By Angelica Y. Yang
THE BICAMERAL Conference Committee has approved a measure that will extend the lifeline rate subsidy for poor power consumers for thirty more years, a party-list group said in a statement.
On Thursday, the Power Bloc party-list announced that House Bill (HB) 8145, which aimed to subsidize electricity costs for low-income consumers by extending lifeline rates until 2051, was “positively accepted and unanimously supported” by senators.
A lifeline rate is a subsidized rate for marginalized or low-income end-users who consume power below a threshold level as determined by the Energy Regulatory Commission. The cost will be passed on to non-lifeline consumers.
“Thirty years extension is feasible and will allow the energy sector to make strides in achieving secure and affordable electric power supply,” Power Bloc Rep. Sergio C. Dagooc was quoted as saying in a statement. Mr. Dagooc, who also represents the Association of Philippine Electric Cooperatives, is one of the principal authors of the bill.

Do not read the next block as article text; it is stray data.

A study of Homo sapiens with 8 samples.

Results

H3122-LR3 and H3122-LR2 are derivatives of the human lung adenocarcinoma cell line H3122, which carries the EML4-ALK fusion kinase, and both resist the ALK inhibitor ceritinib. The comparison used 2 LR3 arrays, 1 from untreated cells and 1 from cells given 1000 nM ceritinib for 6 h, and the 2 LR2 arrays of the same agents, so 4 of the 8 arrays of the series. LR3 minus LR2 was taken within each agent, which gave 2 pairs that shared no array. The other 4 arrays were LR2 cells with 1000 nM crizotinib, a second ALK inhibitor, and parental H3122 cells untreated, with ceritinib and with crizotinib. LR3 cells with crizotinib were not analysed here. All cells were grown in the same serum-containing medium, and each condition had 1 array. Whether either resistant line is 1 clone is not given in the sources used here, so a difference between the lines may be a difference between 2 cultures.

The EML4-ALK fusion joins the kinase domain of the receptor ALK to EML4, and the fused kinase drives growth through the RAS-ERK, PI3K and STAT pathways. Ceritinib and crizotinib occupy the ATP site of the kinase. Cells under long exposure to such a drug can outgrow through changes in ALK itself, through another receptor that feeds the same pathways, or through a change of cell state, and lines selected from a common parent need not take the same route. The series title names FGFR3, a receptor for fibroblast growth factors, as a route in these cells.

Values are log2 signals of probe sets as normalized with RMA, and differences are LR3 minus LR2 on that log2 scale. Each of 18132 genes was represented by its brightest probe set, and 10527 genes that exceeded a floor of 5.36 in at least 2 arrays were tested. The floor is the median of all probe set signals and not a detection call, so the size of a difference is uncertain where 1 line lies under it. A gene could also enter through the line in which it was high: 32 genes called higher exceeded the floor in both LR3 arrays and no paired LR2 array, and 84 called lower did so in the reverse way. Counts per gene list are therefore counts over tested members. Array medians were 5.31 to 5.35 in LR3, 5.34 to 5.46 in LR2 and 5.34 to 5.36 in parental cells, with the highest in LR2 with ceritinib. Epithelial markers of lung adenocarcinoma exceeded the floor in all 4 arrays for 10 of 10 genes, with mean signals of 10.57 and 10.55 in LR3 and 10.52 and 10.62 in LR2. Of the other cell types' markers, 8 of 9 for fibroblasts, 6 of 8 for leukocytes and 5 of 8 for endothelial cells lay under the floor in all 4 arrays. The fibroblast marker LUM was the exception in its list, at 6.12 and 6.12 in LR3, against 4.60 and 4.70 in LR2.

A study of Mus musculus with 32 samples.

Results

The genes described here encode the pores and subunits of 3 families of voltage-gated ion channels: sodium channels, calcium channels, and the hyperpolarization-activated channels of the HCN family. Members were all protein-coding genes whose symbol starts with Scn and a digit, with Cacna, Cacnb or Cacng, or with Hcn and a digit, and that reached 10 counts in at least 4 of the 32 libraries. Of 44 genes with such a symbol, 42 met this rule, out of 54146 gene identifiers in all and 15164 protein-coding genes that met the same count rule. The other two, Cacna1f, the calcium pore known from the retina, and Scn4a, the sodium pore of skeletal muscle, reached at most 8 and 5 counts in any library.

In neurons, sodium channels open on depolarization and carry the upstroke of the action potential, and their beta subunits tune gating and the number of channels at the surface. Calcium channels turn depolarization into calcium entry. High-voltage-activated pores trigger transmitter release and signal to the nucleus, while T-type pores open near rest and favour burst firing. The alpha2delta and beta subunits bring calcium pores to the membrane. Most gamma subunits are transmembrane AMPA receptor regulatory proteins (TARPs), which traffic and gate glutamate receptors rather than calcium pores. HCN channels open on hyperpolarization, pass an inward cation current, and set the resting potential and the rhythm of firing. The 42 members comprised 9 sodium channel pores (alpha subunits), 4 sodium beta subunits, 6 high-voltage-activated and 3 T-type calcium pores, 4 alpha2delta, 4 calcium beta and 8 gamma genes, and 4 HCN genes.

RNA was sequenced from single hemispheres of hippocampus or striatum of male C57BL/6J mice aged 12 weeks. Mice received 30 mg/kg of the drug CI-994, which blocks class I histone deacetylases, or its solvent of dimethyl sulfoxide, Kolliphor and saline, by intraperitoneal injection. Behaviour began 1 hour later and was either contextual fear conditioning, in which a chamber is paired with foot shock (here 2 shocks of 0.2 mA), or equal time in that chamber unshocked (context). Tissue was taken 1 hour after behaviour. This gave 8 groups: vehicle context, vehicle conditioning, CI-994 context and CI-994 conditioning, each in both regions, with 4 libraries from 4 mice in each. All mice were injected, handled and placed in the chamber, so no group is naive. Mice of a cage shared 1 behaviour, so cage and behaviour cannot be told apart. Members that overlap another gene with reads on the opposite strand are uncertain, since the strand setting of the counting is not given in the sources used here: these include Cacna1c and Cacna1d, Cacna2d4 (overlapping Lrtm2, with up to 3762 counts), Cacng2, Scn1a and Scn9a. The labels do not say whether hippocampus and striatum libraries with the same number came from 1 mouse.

Citing the Department of Energy (DoE), Power Bloc said that the continued provision of lifeline rates, which will be shouldered by non-lifeline consumers, has very minimal impact on electricity rates.”
The Senate and House of Representatives have yet to ratify the Bicameral Conference Committee report on this measure.
On Thursday, consumer group Laban Konsyumer, Inc. (LKI) President Victor A. Dimagiba said they previously proposed that non-lifeliners stop subsidizing lifeline consumers “since the Electric Power Industry Reform Act of 2001 (EPIRA) has long removed all forms of cross subsidy.” However, he said that “no one from Congress supported the proposal.”
“(The proposal would bring) about (a) minimum (of) 5 to 10 centavos savings per kWh (kilowatt hour) in the bills for the next 30 years at the current rate,” Mr. Dimagiba told BusinessWorld in a Viber interview.
Asked to comment on DoE’s statement that the imposition of lifeline rates will have a minimal impact on power rates, Mr. Dimagiba said that it was a “very myopic” view.
“You add the universal charges and the FIT (feed-in-tariff) allowance that consumers continue to absorb, and the conundrum of the Murang Kuryente Act, that will add up to almost 20 to 30 centavos per kWh,” he said.